Rain Rannu on his journey from entrepreneur to Superangel

A conversation with the Estonian serial entrepreneur and early-stage startup investment partner

Rain Rannu; Courtesy: Superangel

Why do people want to become entrepreneurs? For Rain Rannu the reason was simple. “I wanted to do things that wouldn’t exist if I wouldn’t be doing them,” he says.

At the age of 19, while studying at the University of Tartu, Rain established his first company Digu OÜ – a web design and development agency in Estonia– with a bunch of friends. As a young entrepreneur, he enjoyed the freedom and independence of working on things that he wanted to. And there has been no looking back! But it wasn’t an easy ride, to begin with. “No, it was a lot of trial and error,” he confesses, “Our first two or three projects were failures, but we learned from each of them and we continued. You try something and you find out that it doesn’t work. Each new thing you try takes you a little bit closer to something that really works.”

On Estonia

Today, Estonia is known for many technology startups beyond Skype, its commendable e-residency program and other Government initiatives. Rain feels this has changed the game drastically, “We have developed this reputation of being a country that is not afraid to take on completely new and big challenges on a national level. And this benefits Estonian companies to a degree as well because it gives you a stamp of quality for innovation and technology. Companies benefit from the good reputation of Estonia and they, in turn, enhance Estonia’s reputation. So, it’s a virtuous circle!”

And are there any flip sides to being from Estonia? “Of course! The downside is that the whole market is pretty small and you do have to get out of your home country very quickly if you want to have a real impact as a startup,” Rain reveals. But he is quick to add that even when you go outside, the Estonian connections always look out and help each other.

Superangel Managing Partner Rain Rannu doing a live demo of Estonian online voting at Tribe Theory Bali. Courtesy: Superangel blog

Serial Entrepreneurship

Most people go through an up-and-down graph running just one startup. But as a serial entrepreneur, Rain’s must have been an extremely challenging ride! How did he stay focused on his goals and continue to pursue his dreams? Rain has a simple answer: “When choosing a career — either as a founder, employee, investor or a creative person– you have to find something that is related to your passion so it would sustain you through the highs and lows. Choose something you are good at or willing to invest a lot of time to become good at; where there is sufficiently good chance to find a sustainable “business model” — meaning that if you do become good, it is possible to earn enough income to keep on doing it. You need a combination of all three, and if you do find it, this will carry you through the low periods, and reward you with enough satisfaction in the high periods.”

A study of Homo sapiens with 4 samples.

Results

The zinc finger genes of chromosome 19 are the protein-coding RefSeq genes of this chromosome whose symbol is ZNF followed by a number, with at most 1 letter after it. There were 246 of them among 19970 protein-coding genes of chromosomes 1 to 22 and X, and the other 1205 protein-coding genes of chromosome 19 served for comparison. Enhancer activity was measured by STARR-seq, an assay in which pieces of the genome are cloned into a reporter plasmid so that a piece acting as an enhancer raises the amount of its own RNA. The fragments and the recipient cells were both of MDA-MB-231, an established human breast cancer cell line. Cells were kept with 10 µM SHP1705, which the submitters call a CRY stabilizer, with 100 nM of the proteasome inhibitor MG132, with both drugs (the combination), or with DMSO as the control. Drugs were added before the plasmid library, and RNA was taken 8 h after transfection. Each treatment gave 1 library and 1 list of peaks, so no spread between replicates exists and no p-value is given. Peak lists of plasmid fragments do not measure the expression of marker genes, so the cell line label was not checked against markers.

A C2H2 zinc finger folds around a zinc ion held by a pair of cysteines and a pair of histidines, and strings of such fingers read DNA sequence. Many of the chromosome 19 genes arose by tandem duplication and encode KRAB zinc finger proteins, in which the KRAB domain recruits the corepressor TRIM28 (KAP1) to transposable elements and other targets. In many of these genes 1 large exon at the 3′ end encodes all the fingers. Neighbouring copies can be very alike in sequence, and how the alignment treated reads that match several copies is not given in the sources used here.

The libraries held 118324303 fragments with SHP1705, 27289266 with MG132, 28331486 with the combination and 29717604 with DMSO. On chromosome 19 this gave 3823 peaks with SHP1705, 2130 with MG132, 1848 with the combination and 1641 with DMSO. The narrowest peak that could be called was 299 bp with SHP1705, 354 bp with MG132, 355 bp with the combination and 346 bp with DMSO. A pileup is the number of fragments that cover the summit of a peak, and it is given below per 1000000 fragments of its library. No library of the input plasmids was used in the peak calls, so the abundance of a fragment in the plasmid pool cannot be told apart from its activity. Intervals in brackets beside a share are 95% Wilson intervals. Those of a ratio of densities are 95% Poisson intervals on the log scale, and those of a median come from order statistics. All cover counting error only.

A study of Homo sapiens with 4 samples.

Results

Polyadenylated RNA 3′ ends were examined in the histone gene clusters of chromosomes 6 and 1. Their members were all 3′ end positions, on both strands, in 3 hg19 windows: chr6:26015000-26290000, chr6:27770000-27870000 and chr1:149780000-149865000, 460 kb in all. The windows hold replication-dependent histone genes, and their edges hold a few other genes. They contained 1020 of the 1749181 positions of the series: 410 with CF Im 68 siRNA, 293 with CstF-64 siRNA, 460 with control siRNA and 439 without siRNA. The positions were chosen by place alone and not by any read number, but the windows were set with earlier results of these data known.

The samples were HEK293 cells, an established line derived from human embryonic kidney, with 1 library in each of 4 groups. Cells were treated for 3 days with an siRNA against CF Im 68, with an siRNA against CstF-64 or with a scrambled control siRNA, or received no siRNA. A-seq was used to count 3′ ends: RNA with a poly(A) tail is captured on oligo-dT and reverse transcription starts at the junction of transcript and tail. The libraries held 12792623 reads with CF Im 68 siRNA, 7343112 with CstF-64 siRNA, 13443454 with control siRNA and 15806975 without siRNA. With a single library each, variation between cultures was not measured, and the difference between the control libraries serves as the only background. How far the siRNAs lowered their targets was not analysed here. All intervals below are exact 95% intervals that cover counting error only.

Launching Superangel

Rain loves being an investor. “I wanted to have a change of pace where instead of working and giving a hundred and twenty per cent to one company, I was enjoying sharing my time with multiple companies and helping them.” Some of Rain’s angel investments include Bolt (earlier known as Taxify, a top ride-sharing company in Europe and in Africa), Pipedrive (a Sales CRM & Pipeline Management software), Veriff (Online identity verification system), and others.

Rain with fellow co-founders of Superangel Veljo Otsason and Marek Kiisa and Investment Manager Marko Oolo; Courtesy: Superangel

“You know some of the most successful start-ups in our portfolio have been founded by people who were just out of high school. These 19 and 20-year-olds make good role models for the younger people to pursue this career seriously,” he shares.

Rain believes that entrepreneurship can be cultivated and encouraged which is one of the reasons that Superangel also hosts programs like Alpine House and Palo Alto Club to cultivate entrepreneurship, especially among millennials. “The best way is always to lead by example. Ten years ago, Skype was the first Estonia-built product that made it big globally. And that gave a lot of other entrepreneurs a lot of confidence. It made them believe that they can be great. And now I think many other startup founders in Estonia and around the world are serving as examples for young people,” he believes.

Other passions

Entrepreneurs without borders

Rain Rannu is with Superangel one of the first investors in Tribe Theory.